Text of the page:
When you have unlimited downloads of royalty-free vectors and photos, the creative possibilities are pretty much endless. Each download has a million iterations awaiting creation. Need some killer slides for a pitch deck? A social media post for a game night? Even if you’re not making an infographic, the perfect design elements could be in our Infographic Templates Collection.
The key to selecting design elements is being able to see beyond what you’re looking at and imagining what it could be. Design element sets are meant to include more than you need, so remember to look closely at each template. For this post, we’ll use an education infographic elements set to create five different projects.
To get started, you will need a vector editor. In the examples below, we used Adobe Illustrator but a free vector editor will do the job as well. Here’s a look at our starting point:
Remember that vectors can be scaled to any size, so what might be a tiny icon in the download could be the focal point of your new design. In this example, we found a perfect template in Canva for a post about an art night—the only problem was that the original template was an ad for eyeglasses. To customize the post, we took a small paintbrush icon from our infographic template and made it the focal point of the final product.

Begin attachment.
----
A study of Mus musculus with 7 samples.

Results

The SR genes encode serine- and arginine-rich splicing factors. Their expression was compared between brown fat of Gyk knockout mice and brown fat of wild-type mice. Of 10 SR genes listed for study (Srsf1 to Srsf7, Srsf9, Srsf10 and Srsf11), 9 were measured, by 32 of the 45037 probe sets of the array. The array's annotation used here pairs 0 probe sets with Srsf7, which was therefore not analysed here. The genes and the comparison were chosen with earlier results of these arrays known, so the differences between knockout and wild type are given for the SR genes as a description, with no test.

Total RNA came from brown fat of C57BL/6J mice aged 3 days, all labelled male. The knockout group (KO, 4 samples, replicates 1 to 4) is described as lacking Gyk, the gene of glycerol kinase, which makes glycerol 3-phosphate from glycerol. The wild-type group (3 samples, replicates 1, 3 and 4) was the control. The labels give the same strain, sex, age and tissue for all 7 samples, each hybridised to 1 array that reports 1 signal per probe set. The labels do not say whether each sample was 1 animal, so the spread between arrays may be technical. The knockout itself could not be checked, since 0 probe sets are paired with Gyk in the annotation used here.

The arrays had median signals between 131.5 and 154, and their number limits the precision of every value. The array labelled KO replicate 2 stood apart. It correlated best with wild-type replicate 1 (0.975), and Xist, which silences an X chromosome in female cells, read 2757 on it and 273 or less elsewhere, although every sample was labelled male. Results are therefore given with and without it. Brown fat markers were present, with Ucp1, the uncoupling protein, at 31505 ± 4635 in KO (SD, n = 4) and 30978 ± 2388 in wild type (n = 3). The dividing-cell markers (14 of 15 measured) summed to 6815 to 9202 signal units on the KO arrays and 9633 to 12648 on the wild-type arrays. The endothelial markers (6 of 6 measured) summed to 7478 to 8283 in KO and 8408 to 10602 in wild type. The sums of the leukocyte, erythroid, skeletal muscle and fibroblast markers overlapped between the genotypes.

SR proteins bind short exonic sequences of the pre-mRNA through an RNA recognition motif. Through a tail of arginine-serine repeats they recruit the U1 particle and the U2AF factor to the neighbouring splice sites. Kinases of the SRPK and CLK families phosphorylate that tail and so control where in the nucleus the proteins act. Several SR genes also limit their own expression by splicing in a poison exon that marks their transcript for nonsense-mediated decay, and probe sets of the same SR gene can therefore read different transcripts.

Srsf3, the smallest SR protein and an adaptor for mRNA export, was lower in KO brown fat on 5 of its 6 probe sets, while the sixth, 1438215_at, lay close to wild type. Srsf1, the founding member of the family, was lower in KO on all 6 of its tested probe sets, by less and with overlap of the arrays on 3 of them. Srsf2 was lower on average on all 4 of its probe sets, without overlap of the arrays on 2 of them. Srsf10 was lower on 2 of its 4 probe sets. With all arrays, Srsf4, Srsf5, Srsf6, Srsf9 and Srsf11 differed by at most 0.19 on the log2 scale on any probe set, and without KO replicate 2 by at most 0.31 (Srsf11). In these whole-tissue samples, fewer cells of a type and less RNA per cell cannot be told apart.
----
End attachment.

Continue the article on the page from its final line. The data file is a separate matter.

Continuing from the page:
Think Outside the Theme
In this example, we created a slide in Canva for an ice cream business’s year-end review—even though our original template was education-themed. Using an infographic template is one way to give a graph or chart a little bit more design than just using the tools included in your slide builder. We also added a photo for extra flavor.
In general, you don’t want to get hung up on details that can easily be changed (like colors). Here we used this photo in addition to our template to create a completely new infographic. In this case, it was helpful to find a template that thematically aligned with our final goal. Learn more about creating custom infographics here.
Even if you’re not making an infographic, the design element you’re looking for could be included as part of an infographic template. Here we used Illustrator and Photoshop to create an animated GIF of a school bus with one of the icons included in our education infographic template.
Scan the template for just the elements that are relevant to your project. In this example, we created multiple Artboards in Illustrator and exported them as separate images. We then imported those images into the MailChimp newsletter below and created buttons in MailChimp using the same color scheme.
And there you have it! With a vector editor and some creativity, you can transform our infographic templates and design element sets to suit your business, brand, or personal style. Looking for a little extra guidance? Learn how to create a custom infographic using starting with an infographic template.